Senate Holds Hearings on Hate Crimes, But No Muslims Were Invited to Speak

Senate Holds Hearings on Hate Crimes, But No Muslims Were Invited to Speak May 4, 2017

Photo courtesy of Wikimedia Commons
Photo courtesy of Wikimedia Commons

By Zaki Barzinji

No community should have to exist in a state of constant fear because of their perceived religious beliefs. And yet, for many Muslim American families across the nation, that is their daily reality. In just the past two years, there have been countless instances of mosques being vandalized and sometimes literally burned to the ground, children harassed and bullied by both classmates and teachers, and average citizens attacked — sometimes fatally — by their fellow Americans, simply because of their faith.

Given the diversity of the Muslim-American community, many members also face daily bigotry on multiple fronts at the same time. African-American Muslim teenagers report assailants screaming the n-word while at the same time trying to rip their headscarves off. LGBT Muslims often suffer at the intersection of Islamophobia and homophobia. Their experiences demonstrate that hate is neither compartmentalized nor exclusive.

The Muslim Public Affairs Council (MPAC) applauds the Senate Judiciary Committee for holding a hearing on “Responses to the Increase in Religious Hate Crimes” at a time when the topic could not be more relevant. But, it is disappointing that no Muslims were invited to speak at the hearing, especially since hate crimes against Muslim Americans are on the rise.

The evidence is clear that such hate-based incidents against Muslim-Americans have spiked considerably. In 2015, the Federal Bureau of Investigation reported a 67 percent increase in hate crimes against Muslim-Americans, the highest level of violence against the community since the immediate aftermath of September 11, 2001. Media reports and tracking from nonpartisan organizations point to an exponential increase in such attacks since then.

While the available data is clearly disturbing, it also remains woefully incomplete. Advocates have long pushed Congress and the Department of Justice and its agencies to improve the reporting, tracking, and handling of hate crimes. In a 2014 speech to the Anti-Defamation League, FBI Director James Comey himself confirmed this when he said:

We need to do a better job of tracking and reporting hate crime to fully understand what is happening in our communities and how to stop it. There are jurisdictions that fail to report hate crime statistics. Other jurisdictions claim there were no hate crimes in their community—a fact that would be welcome if true. We must continue to impress upon our state and local counterparts in every jurisdiction the need to track and report hate crime. It is not something we can ignore or sweep under the rug.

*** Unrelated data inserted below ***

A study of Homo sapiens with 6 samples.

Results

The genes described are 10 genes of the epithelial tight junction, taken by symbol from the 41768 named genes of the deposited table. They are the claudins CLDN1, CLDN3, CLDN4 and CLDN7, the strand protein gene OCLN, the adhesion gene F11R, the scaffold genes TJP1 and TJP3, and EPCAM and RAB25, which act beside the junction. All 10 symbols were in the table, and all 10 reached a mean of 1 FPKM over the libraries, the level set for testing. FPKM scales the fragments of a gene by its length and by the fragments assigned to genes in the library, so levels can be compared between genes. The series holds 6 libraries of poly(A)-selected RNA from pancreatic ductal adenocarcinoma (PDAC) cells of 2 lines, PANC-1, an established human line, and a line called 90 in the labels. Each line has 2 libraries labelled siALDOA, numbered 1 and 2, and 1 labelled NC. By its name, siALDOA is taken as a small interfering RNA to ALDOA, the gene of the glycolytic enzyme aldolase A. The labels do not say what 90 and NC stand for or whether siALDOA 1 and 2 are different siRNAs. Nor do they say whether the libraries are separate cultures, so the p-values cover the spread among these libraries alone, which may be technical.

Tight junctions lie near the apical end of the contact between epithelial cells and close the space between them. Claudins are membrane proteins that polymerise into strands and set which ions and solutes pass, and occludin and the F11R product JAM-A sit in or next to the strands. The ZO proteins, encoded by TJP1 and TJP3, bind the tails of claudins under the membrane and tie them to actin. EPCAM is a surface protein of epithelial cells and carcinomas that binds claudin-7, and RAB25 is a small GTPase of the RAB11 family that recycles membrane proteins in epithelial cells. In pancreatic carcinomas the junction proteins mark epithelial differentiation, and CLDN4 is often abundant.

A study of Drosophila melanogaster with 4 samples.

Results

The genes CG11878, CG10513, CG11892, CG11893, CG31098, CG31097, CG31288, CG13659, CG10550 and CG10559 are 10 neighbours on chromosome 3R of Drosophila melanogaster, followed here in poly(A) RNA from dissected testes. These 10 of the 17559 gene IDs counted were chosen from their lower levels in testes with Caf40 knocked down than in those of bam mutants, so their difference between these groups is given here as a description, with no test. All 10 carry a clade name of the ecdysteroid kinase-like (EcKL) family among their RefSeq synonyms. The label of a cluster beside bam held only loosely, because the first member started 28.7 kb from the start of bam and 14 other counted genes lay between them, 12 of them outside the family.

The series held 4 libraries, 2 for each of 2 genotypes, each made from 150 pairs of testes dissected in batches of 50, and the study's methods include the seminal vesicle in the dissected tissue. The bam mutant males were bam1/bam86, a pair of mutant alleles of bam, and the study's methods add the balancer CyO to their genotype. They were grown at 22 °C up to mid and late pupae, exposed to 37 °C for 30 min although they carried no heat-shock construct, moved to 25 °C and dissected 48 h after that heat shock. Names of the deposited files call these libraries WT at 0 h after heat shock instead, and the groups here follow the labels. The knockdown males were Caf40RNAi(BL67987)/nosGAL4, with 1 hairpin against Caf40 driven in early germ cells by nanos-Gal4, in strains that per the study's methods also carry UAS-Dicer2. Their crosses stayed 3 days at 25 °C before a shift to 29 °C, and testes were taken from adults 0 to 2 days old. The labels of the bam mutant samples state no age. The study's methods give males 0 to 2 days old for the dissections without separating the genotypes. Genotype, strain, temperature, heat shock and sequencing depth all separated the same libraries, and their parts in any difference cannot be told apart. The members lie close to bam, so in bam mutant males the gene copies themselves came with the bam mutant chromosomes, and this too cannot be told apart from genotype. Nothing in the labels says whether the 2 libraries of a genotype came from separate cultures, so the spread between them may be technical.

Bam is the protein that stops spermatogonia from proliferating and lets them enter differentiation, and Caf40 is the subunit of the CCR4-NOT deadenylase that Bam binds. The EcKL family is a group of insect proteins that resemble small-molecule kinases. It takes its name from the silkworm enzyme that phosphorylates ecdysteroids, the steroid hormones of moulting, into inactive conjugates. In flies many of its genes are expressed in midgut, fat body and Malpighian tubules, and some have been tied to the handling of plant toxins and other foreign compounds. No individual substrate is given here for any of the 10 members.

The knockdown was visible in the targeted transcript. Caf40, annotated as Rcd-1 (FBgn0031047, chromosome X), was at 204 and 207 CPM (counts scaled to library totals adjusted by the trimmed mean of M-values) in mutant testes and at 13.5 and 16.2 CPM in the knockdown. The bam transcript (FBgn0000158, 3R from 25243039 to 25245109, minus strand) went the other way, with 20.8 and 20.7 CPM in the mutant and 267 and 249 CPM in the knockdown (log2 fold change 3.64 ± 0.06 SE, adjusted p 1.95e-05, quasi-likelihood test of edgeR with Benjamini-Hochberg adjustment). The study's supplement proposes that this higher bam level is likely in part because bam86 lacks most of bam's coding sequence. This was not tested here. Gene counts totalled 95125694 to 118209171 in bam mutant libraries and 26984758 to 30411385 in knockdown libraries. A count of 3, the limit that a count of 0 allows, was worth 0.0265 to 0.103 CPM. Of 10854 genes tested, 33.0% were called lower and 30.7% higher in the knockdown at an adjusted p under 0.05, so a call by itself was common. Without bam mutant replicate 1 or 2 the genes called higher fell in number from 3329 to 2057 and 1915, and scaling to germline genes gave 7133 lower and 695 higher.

It is for that reason that MPAC joined the ADL in working closely with Senators Harris and Rubio to introduce a bipartisan resolution acknowledging the rise in hate crimes and providing concrete policy recommendations. The unanimous passage of this resolution by the Senate was a heartening recognition that our communities are more in need than ever. We commend the Senate for this important milestone and implore the House to pass a similar resolution. The introduction and passage of this resolution is the result of a joint advocacy effort between MPAC and Emerge USA.

More importantly, we call on Congress, the Department of Justice and the White House to follow through on the recommendations made. In particular, we call on the DOJ and other Federal agencies to establish new policies that “improve the reporting of hate crimes” and “emphasize the importance of the agencies’ collection and reporting of data pursuant to Federal law.”  We also call on the Attorney General to immediately establish an “interagency task force to collaborate on the development of effective strategies and efforts to detect and deter hate crime in order to protect minority communities”.

All members of this committee voted in favor of these common-sense recommendations. We therefore urge all members to translate that shared sense of purpose into swift action that meaningfully pushes back against the tide of hate crimes that threatens to overtake our most marginalized communities.

Finally, MPAC applauds the inclusion of voices like Vanita Gupta, who has been a tireless advocate for the civil rights of marginalized communities; Dr. Prabhjot Singh, who personally experienced a hate crime due solely to his perceived faith; and the Anti-Defamation League, which has stood as firmly against Islamophobia as it has anti-Semitism. Nevertheless, we must express profound disappointment in the lack of direct inclusion of Muslim-American voices on this panel.

MPAC regularly partners with communities of different faiths or identities, but who often face the same challenges of xenophobia and bigotry. We are always grateful for the opportunity to learn from one another and only grow stronger by joining together. It is our hope that this committee, and all members, will carry on that same spirit of inclusion in future hearings and individual meetings.

Together we will push back against hate, fear, and ignorance, and ensure a more open and tolerant America for all.

Zaki Barzinji served in the White House as Senior Associate Director of Public Engagement and President Obama’s liaison to Muslim-Americans, Arab-Americans, Sikhs, and other minority faiths. He currently works as a public affairs consultant and as Senior Policy Advisor to the Muslim Public Affairs Council.